DACHAU, Germany — It was a shocking, horrifying “beautiful day.”

Survivors and liberators alike recalled Sunday the horror of the Dachau concentration camp and the overwhelming relief of its liberation 70 years ago. German Chancellor Angela Merkel pledged to keep alive the memory of Nazi crimes and give no quarter to present-day discrimination or anti-Semitism.

Dachau, near Munich, was the first concentration camp the Nazis set up – a few weeks after Adolf Hitler took power in 1933. Before it was liberated by U.S. troops on April 29, 1945, more than 200,000 people from across Europe were held there and over 40,000 prisoners died.

“When we entered the camp exactly 70 years ago, it was a terrible shock to see how much you, the survivors, had suffered from starvation, disease, brutality and freezing conditions,” Alan Lukens, who entered Dachau as an Army private in 1945, said at the anniversary ceremony at the former camp.

“But we will never forget your excitement and ours as we entered the camp and were overwhelmed by you, as you hugged us and brought out a hand-sewn American flag which you had hidden for the occasion,” said Lukens, who later became a U.S. diplomat.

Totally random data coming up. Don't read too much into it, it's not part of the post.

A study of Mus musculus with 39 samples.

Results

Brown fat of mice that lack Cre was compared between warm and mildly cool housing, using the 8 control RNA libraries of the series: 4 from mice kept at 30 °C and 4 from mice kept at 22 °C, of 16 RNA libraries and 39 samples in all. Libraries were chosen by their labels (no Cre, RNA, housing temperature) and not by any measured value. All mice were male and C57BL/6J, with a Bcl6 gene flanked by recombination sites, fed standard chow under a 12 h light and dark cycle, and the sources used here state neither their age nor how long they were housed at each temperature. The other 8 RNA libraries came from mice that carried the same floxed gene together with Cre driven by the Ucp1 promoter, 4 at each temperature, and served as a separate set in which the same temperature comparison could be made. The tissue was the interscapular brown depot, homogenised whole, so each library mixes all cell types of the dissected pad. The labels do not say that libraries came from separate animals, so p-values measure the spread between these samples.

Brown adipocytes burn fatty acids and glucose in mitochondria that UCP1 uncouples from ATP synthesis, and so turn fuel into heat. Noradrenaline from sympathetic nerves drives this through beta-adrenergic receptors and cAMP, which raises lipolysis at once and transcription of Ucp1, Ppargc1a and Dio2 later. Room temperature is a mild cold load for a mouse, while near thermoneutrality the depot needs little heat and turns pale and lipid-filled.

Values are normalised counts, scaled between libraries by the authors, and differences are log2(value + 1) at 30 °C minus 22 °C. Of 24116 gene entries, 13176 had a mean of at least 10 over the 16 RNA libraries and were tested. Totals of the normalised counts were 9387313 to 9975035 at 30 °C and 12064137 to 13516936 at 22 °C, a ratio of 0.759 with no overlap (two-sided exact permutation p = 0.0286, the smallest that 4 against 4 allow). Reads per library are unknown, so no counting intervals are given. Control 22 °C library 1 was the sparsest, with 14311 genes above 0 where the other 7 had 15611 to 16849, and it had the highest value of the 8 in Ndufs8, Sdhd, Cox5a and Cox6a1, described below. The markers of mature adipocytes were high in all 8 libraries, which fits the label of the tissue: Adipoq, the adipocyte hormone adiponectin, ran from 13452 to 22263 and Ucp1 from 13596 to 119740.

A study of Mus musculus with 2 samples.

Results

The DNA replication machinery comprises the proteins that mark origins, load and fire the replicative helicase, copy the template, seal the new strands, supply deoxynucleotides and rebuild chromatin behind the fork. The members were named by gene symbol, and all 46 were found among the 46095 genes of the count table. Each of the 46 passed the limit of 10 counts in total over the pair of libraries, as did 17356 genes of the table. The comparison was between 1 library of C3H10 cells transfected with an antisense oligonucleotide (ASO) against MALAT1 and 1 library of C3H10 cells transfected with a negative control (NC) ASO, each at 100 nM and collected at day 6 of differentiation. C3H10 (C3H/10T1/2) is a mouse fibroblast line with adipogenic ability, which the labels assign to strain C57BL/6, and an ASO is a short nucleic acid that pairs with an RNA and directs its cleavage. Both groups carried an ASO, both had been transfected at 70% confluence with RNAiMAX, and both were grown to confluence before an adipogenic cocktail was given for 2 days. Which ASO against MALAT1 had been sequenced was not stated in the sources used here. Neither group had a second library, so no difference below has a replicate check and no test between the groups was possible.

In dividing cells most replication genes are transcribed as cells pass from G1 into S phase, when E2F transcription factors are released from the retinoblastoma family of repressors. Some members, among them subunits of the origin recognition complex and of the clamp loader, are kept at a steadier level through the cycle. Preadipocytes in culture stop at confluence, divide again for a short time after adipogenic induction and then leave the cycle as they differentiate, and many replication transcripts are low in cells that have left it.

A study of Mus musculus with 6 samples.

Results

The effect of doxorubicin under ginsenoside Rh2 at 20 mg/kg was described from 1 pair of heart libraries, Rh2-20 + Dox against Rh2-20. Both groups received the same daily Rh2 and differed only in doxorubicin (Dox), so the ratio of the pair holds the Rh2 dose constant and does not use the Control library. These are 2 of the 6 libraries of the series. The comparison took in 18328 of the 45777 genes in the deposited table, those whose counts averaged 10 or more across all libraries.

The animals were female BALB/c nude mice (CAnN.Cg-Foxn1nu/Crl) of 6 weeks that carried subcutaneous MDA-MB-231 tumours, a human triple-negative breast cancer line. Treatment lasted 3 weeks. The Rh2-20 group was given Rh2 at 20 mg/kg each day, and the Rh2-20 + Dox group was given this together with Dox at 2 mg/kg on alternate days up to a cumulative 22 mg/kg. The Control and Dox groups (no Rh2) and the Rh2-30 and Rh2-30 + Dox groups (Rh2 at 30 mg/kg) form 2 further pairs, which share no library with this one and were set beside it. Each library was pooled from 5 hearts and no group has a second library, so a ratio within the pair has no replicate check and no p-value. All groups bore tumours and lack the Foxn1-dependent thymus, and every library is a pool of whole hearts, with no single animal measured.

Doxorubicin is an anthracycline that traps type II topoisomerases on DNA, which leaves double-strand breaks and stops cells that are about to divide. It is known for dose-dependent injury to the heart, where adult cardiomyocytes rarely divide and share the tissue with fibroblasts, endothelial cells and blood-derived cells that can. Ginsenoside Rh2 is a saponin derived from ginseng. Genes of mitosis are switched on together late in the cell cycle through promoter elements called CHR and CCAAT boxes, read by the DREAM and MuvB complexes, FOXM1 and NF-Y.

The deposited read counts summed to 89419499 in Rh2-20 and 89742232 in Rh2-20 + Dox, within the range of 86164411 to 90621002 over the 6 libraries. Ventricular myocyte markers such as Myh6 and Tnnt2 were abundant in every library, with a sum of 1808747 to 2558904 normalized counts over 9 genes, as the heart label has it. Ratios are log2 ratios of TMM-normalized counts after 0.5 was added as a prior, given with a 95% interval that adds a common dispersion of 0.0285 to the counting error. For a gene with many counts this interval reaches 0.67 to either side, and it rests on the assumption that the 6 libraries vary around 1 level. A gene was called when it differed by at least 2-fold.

Alongside the joy, he remembered that “SS snipers, after hanging out white surrender flags, shot several American GIs as we entered the camp.”

Former prisoner Jean Samuel remembered Dachau’s liberation as “the most beautiful day of my life.” He described inmates from many nations welcoming the American liberators at the camp’s assembly ground.

“An immense crowd acclaimed them, and by some sort of magic the flags of all the countries fluttered in the wind,” Samuel said. He recalled that, after showering and being de-loused, “I felt like a living being again.”

Returning to France at age 21, Samuel said he wanted to forget his experience and get on with his life. “I put Dachau in a corner of my memory,” he said.

After retiring, however, he decided to speak out as “a witness of the unspeakable” and fulfill a duty to keep the memories of what happened at Dachau alive.

That duty has been underlined by the still-unsolved theft of the wrought-iron camp gate bearing the slogan “Arbeit macht frei,” or “Work sets you free.”

A replica was installed Wednesday, the anniversary of the camp’s liberation, ahead of the commemoration traditionally held on the Sunday after April 29.